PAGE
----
DENVER (AP) — A fifth-grade teacher of Colorado theater shooter James Holmes described him as a pleasant, productive student, providing an early glimpse of how defense attorneys will try to save his life.
Paul Karrer gave videotaped testimony Monday because he is unavailable to take the stand during the sentencing phase of Holmes' trial, which begins Wednesday and could last a month. The video will be played for jurors later.
A jury last week quickly convicted Holmes of killing 12 people and injuring 70 more during a crowded midnight movie premiere, rejecting defense arguments that he was insane and suffering delusions that drove him to the July 20, 2012, attack. Now the trial enters a new phase as the jury decides whether Holmes should die for his crimes.
Karrer's testimony signaled a defense strategy that will try to humanize Holmes and offer a sympathetic portrayal of his childhood in California. Holmes was "a really bright kid, he was the kind of kid that makes teaching very rewarding, makes you want to keep on doing what you do," said Karrer, repeatedly referring to Holmes as "Jimmy." He said he still cares about Holmes.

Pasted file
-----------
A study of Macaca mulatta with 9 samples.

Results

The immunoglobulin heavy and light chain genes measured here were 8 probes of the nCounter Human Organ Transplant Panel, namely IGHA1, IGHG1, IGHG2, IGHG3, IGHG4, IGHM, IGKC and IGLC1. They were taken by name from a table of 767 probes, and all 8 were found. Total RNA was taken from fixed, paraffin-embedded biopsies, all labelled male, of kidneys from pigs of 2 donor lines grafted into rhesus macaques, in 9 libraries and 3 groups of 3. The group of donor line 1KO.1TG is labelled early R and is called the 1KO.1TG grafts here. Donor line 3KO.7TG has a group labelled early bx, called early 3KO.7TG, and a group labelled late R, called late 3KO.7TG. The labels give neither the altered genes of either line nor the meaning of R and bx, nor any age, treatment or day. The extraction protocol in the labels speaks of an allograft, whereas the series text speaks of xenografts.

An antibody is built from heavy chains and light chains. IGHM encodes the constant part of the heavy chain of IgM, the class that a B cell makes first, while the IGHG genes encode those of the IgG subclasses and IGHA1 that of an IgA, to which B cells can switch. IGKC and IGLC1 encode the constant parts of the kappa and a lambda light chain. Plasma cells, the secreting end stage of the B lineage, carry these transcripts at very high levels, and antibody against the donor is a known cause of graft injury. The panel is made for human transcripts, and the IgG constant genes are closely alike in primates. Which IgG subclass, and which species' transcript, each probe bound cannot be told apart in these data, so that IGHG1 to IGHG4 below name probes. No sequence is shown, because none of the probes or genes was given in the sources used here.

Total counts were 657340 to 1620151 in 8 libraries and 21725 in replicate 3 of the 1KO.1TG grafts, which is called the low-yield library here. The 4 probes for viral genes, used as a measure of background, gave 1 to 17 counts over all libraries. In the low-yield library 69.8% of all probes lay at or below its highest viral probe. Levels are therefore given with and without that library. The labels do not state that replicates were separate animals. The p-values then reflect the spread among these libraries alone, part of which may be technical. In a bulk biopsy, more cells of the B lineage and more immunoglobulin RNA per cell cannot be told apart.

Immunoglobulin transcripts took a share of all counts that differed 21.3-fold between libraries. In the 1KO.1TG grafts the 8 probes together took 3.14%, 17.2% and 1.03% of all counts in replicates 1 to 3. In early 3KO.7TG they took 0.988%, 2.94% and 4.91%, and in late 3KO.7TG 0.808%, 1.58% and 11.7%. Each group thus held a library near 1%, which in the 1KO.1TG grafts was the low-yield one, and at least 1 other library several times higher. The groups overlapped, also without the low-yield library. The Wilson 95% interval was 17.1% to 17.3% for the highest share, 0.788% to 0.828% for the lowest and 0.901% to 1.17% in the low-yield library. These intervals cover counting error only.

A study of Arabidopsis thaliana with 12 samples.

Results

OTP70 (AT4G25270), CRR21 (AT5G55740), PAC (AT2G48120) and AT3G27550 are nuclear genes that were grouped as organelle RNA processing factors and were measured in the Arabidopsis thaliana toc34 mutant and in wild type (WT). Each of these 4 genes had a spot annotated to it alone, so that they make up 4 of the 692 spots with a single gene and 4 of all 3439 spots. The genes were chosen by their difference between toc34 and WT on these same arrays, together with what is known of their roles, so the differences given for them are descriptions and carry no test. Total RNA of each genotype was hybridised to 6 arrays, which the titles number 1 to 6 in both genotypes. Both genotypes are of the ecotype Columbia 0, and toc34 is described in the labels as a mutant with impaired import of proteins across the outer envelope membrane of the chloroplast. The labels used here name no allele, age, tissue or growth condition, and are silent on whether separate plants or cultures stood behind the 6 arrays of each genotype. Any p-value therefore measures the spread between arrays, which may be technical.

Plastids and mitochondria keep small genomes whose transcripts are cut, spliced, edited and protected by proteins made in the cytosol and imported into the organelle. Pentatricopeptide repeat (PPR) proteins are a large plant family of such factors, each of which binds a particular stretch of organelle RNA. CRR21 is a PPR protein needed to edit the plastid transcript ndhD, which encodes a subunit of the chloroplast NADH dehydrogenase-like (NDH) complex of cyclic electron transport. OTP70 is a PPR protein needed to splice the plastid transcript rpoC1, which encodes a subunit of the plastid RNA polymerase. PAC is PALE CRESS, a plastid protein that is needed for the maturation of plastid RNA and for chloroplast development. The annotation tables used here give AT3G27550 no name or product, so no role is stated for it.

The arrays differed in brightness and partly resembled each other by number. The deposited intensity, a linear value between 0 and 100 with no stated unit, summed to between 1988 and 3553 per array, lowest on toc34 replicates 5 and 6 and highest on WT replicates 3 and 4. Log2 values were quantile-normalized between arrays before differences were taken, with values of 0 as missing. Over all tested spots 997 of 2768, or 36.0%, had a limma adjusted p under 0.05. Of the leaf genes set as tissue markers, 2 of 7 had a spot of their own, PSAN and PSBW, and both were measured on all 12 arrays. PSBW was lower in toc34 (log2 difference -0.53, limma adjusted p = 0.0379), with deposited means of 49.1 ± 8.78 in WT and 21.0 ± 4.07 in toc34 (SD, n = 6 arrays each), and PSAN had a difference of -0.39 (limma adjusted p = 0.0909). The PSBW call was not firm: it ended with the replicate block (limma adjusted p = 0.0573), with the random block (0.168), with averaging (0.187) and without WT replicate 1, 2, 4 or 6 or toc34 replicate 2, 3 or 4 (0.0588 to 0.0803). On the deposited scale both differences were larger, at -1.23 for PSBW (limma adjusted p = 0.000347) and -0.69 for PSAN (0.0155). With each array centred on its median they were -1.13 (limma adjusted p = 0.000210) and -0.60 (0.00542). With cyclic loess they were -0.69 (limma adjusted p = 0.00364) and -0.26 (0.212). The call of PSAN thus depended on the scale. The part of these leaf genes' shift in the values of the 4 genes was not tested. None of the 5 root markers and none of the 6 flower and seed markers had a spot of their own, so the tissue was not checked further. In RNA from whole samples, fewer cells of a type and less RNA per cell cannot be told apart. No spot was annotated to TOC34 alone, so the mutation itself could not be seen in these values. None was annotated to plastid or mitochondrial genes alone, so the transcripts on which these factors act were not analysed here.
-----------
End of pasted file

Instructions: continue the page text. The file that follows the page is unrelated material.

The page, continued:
"He was a smiler," Karrer said. "The kids liked him. There was no dark side."
Defense attorneys will likely call others who knew Holmes throughout his life, including neighbors and possibly his parents, who attended every day of his 11-week trial.
Prosecutors, who are seeking the death penalty, may counter with even more heartbreaking accounts from victims, ranging from those Holmes maimed to the father of the youngest to die in the shooting, a 6-year-old girl. The only other option for jurors is to sentence Holmes to life without parole.
Jurors will have fewer instructions to guide them in the sentencing phase, relying instead on their own personal and moral beliefs to guide them. That jurors swiftly rejected Holmes' insanity defense doesn't mean they'll come to a speedy conclusion about his punishment.